The guest post below was written by one of our former students in the Theatre Studies program at Western; it was written as part of a showcase of work by Theatre Studies students published in Western News, our on-campus weekly, to celebrate the official launch of our program on 3 March 2016. You can read the other – equally thoughtful – student pieces here.
By Jonas Trottier
In a 2012 interview with Charlie Rose, Alan Rickman gave advice to aspiring young actors. He stressed the importance of exposing themselves to art, ideas, and current events in order for the young artist to form for themselves opinions on the world.
These are the things that I think have most benefited me in my journey as I’ve gone from undergraduate study at Western into a fine arts-based acting program at George Brown Theatre School in Toronto. The ideas that I was exposed to both in and out of the classroom as a student in Western’s Theatre Studies program have provided me with a broad intellectual foundation and a balanced, thoughtful perspective, both of which now inform my decisions as an actor and creator of theatre.
When I remember the political and social activism of my peers at Western, the creative, refreshing interpretations of texts on offer in scene studies for our classes, and the original performance interventions we made (here I think of the brave performances I witnessed at Purple Sex, a sex- and race-positive showcase that happens each March on campus), it is abundantly clear to me that all of those things have helped shaped my view of the world.
They have helped me to see and understand the world from the perspective of those on the margins.
(Purple Sex is a student-driven, feminist, critical race, and queer-positive performance fundraiser that takes place every year at Western.)
Having this kind of exposure to alternative ideas, identities, and experiences of the world, and being able to see things from perspectives which may be very different from my own, is indispensable to my work as an actor. Empathy is the actor’s greatest tool. Without it, it is impossible to look at a script and see not simply how a character must act but also the incredible range of truthful ways in which they might act. To be able to see these possibilities and weigh them against each other in order to make choices that will create the most compelling piece of theatre is what sets great actors apart from those who lack the means to make these analytical choices.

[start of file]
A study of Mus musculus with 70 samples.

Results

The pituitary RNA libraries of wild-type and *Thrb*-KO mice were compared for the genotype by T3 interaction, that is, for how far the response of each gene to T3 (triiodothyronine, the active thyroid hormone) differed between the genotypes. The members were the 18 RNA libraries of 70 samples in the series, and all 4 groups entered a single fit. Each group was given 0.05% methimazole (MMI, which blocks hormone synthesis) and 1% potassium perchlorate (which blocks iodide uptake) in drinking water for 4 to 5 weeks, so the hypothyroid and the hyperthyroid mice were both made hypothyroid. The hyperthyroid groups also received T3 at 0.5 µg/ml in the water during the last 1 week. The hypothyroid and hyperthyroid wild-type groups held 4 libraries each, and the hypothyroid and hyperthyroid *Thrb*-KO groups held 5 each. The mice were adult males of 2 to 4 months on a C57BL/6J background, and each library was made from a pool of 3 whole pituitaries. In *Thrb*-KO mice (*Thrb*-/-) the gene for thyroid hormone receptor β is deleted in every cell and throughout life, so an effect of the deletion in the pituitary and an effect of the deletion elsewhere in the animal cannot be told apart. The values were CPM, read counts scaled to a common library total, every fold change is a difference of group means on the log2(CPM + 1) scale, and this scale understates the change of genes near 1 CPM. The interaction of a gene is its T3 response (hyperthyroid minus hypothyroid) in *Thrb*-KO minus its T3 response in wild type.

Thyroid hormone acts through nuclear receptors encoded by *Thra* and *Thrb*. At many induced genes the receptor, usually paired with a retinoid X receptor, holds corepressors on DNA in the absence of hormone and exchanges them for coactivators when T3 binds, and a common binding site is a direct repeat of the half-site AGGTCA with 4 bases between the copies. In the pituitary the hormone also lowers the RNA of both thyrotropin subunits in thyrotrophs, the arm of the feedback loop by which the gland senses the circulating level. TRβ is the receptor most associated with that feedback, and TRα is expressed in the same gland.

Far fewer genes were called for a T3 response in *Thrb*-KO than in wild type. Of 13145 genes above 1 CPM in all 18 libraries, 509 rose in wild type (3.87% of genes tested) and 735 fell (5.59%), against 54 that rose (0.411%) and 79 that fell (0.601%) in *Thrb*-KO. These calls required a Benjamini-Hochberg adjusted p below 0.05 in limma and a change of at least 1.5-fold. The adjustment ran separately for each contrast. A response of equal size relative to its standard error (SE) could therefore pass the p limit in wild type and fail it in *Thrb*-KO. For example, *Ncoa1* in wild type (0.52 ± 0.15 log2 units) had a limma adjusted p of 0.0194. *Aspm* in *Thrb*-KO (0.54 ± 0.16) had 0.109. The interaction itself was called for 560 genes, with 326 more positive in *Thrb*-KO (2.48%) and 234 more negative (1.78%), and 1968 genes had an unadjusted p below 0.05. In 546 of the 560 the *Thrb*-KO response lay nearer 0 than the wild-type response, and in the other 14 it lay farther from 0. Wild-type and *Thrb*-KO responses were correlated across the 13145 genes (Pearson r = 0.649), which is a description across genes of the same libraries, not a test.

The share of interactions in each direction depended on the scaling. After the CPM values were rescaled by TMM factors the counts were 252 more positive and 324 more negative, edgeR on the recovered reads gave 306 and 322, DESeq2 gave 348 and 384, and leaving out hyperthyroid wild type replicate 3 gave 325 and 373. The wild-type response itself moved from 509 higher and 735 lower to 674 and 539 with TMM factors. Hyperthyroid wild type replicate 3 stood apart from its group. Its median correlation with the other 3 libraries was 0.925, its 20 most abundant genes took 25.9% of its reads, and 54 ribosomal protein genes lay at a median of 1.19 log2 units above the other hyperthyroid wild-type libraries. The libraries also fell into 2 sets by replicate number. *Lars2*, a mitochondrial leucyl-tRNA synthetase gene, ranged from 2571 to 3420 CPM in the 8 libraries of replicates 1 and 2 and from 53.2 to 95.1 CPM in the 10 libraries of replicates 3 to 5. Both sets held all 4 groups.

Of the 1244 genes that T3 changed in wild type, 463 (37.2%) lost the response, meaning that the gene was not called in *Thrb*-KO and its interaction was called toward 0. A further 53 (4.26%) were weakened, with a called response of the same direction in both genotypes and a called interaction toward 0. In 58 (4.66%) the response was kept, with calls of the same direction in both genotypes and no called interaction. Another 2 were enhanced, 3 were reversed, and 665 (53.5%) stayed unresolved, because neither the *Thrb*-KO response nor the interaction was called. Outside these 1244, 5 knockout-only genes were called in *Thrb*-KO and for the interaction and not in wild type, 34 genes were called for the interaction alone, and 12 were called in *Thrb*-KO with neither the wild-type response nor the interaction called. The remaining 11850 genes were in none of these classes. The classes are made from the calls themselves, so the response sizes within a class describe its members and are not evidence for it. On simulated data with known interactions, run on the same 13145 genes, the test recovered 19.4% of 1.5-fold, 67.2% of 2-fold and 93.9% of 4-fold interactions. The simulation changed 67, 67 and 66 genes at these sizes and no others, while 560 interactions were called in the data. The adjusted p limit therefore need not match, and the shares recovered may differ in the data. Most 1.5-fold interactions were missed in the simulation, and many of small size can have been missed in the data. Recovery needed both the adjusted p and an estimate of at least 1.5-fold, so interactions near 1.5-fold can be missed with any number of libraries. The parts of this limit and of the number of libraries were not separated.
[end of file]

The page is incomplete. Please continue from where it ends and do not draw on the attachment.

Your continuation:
In addition to this exposure to different worldviews, I benefitted so much at Western from learning about a wide array of theatrical conventions that stand apart from contemporary stage naturalism (the most common convention on display in mainstream theatre in North America). This has helped me to keep an open mind about the form theatre can take, and what different kinds of forms mean on stage. From the techniques of Brecht’s Epic Theatre to more esoteric forms such as Artaud’s Theatre of Cruelty, having a knowledge of a range of historical and contemporary techniques allows me to make good choices about which form or technique can most effectively help me achieve the desired effect for a piece of my work.
In looking back on my time at Western and thinking about where I am now in my journey, as well as where the Theatre Studies program at Western is going, I experience an interesting feeling of internal conflict. While I am infinitely happy to be doing the work I am doing now, a small part of me wishes I had had the opportunity to spend more time at Western and further my academic exploration of theatre and performance by taking some of the program’s ever expanding offerings. For now, I’ll continue to immerse myself in the practical side of the theatre, and just maybe use a book list or two, borrowed from my teachers and peers still at Western, to guide my ongoing personal investigations.
JONAS TROTTIER graduated from Western in 2015 with a minor in Theatre Studies and is currently studying Theatre Performance at George Brown Theatre School in Toronto.